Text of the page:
Financial update – City Rail Link and storm impacts

Publish Date : 15 Mar 2023

Auckland Council, as one of the joint sponsors of the City Rail Link (CRL) project, has received a formal funding request from City Rail Link Limited at the same time as the council begins to more fully understand the financial challenges caused by the recent weather events.

The council has a range of funding options available, but these significant challenges will require it to make further tough choices through the 10-year Budget 2024-2034.

City Rail Link

The CRL request seeks an additional $1.074 billion of funding for the project from the two sponsors. This reflects a $1.074 billion increase to the previously estimated total project cost of $4.419 billion, which was approved by the sponsors in May 2019, to a new total of $5.493 billion.

In addition to the cost increase, the council has also been informed that construction of the stations and supporting rail infrastructure is now likely to be completed by the Link Alliance in November 2025. KiwiRail and Auckland Transport will then carry out the additional work required to open the CRL to its first passengers.

The cost increase and delay have been primarily driven by the COVID-19 pandemic and associated lockdowns, which has resulted in staffing, supply chain and technical-related challenges associated with a project of this scale and complexity, and inflation in construction costs.

The council’s Governing Body will consider its share of the formal funding request and discuss the budget implications of the increased cost and project delay when it meets on 23 March 2023.

Flooding and cyclone events

The council group is continuing to assess the impacts of the recent flooding and cyclone events on its services and infrastructure. The associated costs remain highly uncertain, and it will take some time until the full extent of the damage and the detailed financial impacts can be determined.

Initial estimates, however, suggest that the cost of the council’s operational response to these events and returning assets to their previous service levels could cost between $900 million and $1.2 billion.

These estimates include some short-term impacts on revenue, operational costs such as immediate cleaning, maintenance and repairs, as well as capital costs to renew damaged assets.

The capital costs form the largest part of these estimates and are based on a like-for-like replacement or reinstatement of damaged assets. It does not include any provision for enhanced infrastructure resilience or acquisition of private properties impacted by these events.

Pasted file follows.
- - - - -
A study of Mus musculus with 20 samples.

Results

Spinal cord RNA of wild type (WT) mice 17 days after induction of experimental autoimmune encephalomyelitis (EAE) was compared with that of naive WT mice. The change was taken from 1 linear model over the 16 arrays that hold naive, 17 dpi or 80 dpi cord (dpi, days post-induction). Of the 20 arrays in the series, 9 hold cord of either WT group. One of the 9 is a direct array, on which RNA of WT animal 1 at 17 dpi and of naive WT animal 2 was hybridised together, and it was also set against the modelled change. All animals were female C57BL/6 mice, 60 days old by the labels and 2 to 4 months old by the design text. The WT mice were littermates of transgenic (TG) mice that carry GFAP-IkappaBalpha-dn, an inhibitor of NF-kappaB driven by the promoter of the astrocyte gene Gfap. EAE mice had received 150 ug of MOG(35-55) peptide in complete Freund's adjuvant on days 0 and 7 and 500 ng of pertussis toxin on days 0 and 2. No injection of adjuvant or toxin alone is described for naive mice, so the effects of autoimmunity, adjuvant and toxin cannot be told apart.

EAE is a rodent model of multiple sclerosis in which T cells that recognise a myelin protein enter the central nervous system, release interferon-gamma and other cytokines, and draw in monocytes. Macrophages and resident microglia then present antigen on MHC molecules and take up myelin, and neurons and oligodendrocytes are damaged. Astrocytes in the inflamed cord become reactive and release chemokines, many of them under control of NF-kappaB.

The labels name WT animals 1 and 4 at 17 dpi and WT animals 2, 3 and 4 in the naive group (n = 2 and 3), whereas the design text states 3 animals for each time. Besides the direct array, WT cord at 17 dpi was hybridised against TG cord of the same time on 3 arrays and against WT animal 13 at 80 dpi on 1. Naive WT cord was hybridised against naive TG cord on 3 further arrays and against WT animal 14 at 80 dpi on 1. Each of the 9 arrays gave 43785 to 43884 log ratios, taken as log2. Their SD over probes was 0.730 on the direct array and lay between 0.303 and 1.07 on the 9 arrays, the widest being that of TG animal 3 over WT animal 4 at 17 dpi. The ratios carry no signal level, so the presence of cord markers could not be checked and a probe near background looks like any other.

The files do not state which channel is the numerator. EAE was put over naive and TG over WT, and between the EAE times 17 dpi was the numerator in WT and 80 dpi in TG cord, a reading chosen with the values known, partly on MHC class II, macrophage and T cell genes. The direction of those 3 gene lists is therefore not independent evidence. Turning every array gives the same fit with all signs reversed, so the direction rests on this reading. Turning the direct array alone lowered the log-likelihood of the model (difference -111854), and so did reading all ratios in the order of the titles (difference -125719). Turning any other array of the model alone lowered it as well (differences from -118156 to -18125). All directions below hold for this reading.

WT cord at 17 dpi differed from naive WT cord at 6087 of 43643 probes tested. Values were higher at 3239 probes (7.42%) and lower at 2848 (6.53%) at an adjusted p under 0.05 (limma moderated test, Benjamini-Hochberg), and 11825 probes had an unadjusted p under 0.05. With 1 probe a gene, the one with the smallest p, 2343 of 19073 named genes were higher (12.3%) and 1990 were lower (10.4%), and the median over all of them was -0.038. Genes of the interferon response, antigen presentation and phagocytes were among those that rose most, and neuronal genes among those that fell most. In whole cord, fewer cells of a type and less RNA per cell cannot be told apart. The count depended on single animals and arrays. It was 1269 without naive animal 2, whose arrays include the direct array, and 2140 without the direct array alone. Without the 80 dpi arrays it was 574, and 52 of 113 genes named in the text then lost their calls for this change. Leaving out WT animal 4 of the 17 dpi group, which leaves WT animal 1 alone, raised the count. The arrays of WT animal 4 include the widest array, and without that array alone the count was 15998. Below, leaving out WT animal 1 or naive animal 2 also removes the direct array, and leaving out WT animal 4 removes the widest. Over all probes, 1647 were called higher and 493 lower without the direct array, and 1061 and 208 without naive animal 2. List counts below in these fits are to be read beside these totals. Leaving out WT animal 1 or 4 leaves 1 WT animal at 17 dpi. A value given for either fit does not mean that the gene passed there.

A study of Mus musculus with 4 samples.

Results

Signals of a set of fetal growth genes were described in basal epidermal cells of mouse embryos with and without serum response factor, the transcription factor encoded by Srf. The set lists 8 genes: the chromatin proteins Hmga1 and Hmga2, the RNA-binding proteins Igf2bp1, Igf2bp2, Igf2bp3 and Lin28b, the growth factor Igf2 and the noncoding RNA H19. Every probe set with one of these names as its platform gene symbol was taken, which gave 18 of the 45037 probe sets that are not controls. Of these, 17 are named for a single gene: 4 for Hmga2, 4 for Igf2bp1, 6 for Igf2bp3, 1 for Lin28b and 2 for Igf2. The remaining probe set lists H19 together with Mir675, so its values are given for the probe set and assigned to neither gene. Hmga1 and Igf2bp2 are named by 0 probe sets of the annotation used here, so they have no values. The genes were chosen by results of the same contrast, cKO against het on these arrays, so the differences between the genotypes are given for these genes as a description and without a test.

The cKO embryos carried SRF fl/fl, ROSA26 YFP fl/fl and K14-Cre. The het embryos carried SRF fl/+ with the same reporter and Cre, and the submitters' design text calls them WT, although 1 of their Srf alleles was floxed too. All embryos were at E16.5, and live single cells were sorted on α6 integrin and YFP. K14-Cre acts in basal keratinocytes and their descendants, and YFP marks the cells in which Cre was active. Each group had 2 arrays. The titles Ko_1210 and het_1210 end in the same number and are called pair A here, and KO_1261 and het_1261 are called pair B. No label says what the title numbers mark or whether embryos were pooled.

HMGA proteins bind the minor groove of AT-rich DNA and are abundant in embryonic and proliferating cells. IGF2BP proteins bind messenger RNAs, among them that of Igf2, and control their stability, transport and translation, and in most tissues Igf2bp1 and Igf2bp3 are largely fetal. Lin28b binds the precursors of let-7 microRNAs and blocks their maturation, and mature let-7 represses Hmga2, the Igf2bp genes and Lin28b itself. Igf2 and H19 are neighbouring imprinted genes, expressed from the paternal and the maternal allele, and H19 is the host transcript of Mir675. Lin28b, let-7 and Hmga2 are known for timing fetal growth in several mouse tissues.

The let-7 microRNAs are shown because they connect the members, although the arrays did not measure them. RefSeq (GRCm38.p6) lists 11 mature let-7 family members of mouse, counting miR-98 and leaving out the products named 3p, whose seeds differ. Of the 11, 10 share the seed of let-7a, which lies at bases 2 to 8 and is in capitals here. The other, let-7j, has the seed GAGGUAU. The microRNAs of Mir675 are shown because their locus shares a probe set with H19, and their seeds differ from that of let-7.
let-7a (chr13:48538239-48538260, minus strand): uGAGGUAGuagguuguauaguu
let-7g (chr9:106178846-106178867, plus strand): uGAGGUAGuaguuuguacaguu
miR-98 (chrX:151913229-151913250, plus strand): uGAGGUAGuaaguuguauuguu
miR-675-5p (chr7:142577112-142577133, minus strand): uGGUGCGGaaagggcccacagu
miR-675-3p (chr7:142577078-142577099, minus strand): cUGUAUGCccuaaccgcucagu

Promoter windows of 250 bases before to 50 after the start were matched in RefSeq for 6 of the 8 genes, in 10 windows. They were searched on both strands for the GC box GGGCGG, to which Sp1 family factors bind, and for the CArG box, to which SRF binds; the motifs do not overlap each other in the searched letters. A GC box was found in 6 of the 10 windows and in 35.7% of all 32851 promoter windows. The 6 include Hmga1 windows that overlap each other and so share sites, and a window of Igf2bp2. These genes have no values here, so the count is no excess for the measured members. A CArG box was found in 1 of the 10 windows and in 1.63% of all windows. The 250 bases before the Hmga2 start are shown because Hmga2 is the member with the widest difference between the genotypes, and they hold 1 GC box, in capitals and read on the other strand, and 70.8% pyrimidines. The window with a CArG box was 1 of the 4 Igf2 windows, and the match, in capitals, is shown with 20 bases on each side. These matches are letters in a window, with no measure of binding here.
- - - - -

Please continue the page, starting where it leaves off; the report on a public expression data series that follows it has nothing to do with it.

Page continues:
The costs in the current financial year will largely be addressed through reductions in other expenditure, insurance recoveries, and some increase in debt compared to current forecasts.

Balancing the budget

The storm and cyclone impacts will make the task of balancing the council’s Annual Budget 2023/2024 even harder. The council is currently consulting on this budget and has proposed to reprioritise capital expenditure and provide additional operating costs in response to these events.

Industry constraints mean it is unlikely that the capital investment for the council group will be much higher than the $2.8 billion currently planned for 2023/2024. However, storm-related asset renewals will likely delay other high-priority investment forward into the following year.

Therefore, it is likely the bulk of the need for additional capital investment and funding will occur from the 2024/2025 financial year onwards.

Financial and funding impacts

The council is able to cover the increased capital requirement from these two challenges within existing debt limits, and can consider a mix of funding options through its 10-year Budget 2024-2034.

The council’s financial strategy has set a limit for debt not to exceed 290 per cent of operating revenues. The proposed Annual Budget 2023/2024 indicates, after taking into account the debt reduction from the sale of airport shares, that the ratio out to 2030/2031 will track below 220 per cent.

Initial financial modelling suggests that even without the proposed airport share sales, debt/revenue would remain within limits. However, solely relying on debt would create significant challenges for the council’s operating position from the 2024/2025 financial year.

Tough choices will be required in the 10-year budget to resolve this medium-term budget challenge. Funding options available to the council include:

  • Reducing or deferring other capital spending
  • Further sale of assets
  • Further service reductions
  • Considering the level of future rates increases
  • Working with the Crown on potential changes to funding arrangements, including new revenue tools and the possible use of future better-off funding as part of the Three Waters reform programme.